The purpose of the model Act is to develop a clear and stable legislative framework of Occupational Health and Safety rights and obligations that will endure over time and be capable of application in all jurisdictions.
In July 2008, the Council of Australian Governments (COAG) formally committed to the harmonisation of OHS legislation by signing an Intergovernmental Agreement for Regulatory and Operational Reform in Occupational Health and Safety (IGA).
The IGA outlines the commitment of all states and territories and the Commonwealth to work together to develop and implement model Occupational Health and Safety (OHS) legislation as the most effective way to achieve harmonisation of OHS laws in Australia, and commits each government to pass their own laws that mirror the model OHS laws by December 2011.
An independent panel has reviewed OHS laws in each state, territory and the Commonwealth and made recommendations to the Workplace Relations Ministers’ Council (WRMC) on the optimal structure and content of a Model OHS Act that can be adopted in all jurisdictions. This review (National OHS Review) was completed in January 2009, resulting in two reports available at: www.nationalohsreview.gov.au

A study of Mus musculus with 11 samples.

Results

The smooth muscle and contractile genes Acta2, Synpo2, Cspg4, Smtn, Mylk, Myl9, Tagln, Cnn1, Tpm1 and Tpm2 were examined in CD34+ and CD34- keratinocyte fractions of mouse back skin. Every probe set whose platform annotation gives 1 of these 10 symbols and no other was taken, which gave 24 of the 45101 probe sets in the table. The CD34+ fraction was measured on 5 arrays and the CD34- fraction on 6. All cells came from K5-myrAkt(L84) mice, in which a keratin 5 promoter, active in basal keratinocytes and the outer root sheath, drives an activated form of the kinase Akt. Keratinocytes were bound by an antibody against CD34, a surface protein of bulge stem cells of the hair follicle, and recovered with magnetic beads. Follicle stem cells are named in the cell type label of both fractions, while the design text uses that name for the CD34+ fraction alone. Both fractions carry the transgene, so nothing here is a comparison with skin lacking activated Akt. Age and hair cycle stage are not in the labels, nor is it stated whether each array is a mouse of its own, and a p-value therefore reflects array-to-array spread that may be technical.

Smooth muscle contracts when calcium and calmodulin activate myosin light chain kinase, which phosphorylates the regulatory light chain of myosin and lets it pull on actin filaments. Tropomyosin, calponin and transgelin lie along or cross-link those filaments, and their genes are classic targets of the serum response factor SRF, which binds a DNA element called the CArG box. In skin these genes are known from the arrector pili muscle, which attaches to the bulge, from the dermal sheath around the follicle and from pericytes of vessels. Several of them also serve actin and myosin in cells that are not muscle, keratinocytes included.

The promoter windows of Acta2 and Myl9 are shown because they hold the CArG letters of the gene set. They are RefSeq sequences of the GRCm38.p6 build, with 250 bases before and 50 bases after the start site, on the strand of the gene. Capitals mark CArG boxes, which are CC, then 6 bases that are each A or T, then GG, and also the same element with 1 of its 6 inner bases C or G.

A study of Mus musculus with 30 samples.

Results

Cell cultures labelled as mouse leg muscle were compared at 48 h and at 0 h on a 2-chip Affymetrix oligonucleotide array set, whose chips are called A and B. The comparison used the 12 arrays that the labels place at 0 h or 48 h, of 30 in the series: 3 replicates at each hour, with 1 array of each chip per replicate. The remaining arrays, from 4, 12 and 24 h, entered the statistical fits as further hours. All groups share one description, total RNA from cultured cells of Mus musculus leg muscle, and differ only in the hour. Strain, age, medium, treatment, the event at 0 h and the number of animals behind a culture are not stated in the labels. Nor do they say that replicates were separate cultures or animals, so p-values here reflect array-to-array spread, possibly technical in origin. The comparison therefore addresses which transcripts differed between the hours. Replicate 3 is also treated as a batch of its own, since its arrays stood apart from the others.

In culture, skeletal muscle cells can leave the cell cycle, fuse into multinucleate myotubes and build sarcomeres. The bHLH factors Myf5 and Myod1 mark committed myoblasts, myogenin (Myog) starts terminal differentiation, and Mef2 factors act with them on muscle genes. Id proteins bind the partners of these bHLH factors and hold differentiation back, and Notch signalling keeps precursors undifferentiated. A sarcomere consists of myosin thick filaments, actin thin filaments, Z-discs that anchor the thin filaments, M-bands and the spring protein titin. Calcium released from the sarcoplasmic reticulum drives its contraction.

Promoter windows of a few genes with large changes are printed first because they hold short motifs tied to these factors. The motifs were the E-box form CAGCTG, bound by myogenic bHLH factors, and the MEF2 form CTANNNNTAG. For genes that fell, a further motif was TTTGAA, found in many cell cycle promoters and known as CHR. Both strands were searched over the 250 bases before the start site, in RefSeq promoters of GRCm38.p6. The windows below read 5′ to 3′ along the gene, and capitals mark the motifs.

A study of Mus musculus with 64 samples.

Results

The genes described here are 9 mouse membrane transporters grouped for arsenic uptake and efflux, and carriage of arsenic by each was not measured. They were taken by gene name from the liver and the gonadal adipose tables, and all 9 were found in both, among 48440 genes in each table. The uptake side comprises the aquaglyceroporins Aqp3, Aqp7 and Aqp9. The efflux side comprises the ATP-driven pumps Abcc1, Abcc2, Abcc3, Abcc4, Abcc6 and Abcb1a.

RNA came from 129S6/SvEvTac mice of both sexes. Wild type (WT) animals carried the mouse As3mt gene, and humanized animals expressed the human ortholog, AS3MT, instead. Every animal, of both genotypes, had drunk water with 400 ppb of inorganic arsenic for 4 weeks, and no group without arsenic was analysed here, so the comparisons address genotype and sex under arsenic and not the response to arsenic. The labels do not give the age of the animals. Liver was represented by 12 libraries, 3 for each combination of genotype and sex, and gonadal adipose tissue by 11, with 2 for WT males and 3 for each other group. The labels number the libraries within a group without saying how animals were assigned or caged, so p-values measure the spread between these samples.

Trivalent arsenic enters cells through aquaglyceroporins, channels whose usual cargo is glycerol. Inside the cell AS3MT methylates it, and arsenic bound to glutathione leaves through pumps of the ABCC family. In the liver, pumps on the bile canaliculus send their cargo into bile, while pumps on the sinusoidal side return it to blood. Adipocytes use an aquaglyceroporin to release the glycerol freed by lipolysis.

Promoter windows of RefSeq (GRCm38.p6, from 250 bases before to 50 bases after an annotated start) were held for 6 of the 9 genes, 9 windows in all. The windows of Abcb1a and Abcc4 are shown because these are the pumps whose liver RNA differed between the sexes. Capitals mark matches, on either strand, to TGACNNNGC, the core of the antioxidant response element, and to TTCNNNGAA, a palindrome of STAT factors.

On 18 May 2009, WRMC responded to the National OHS Review recommendations, taking into account public submissions, and requested that Safe Work Australia commence development of the model legislation based on the WRMC decisions.
Safe Work Australia is an independent body established on 1 July 2009. Its primary function is to progress harmonisation of OHS laws in partnership with governments, employers and workers, who are represented on the Safe Work Australia Council. On 7 September 2009 the Senate passed without amendments the Safe Work Australia Bill 2008 [No. 2] which will enable Safe Work Australia to be established as an independent statutory agency.
On 25 September 2009, WRMC agreed to release an exposure draft of the model OHS Act for public comment.
This document outlines the provisions contained in the exposure draft of the model Act and aims to elicit public comment on specific areas of the model Act where WRMC did not provide a policy position or where there is a need to resolve practical implementation issues identified during the drafting process.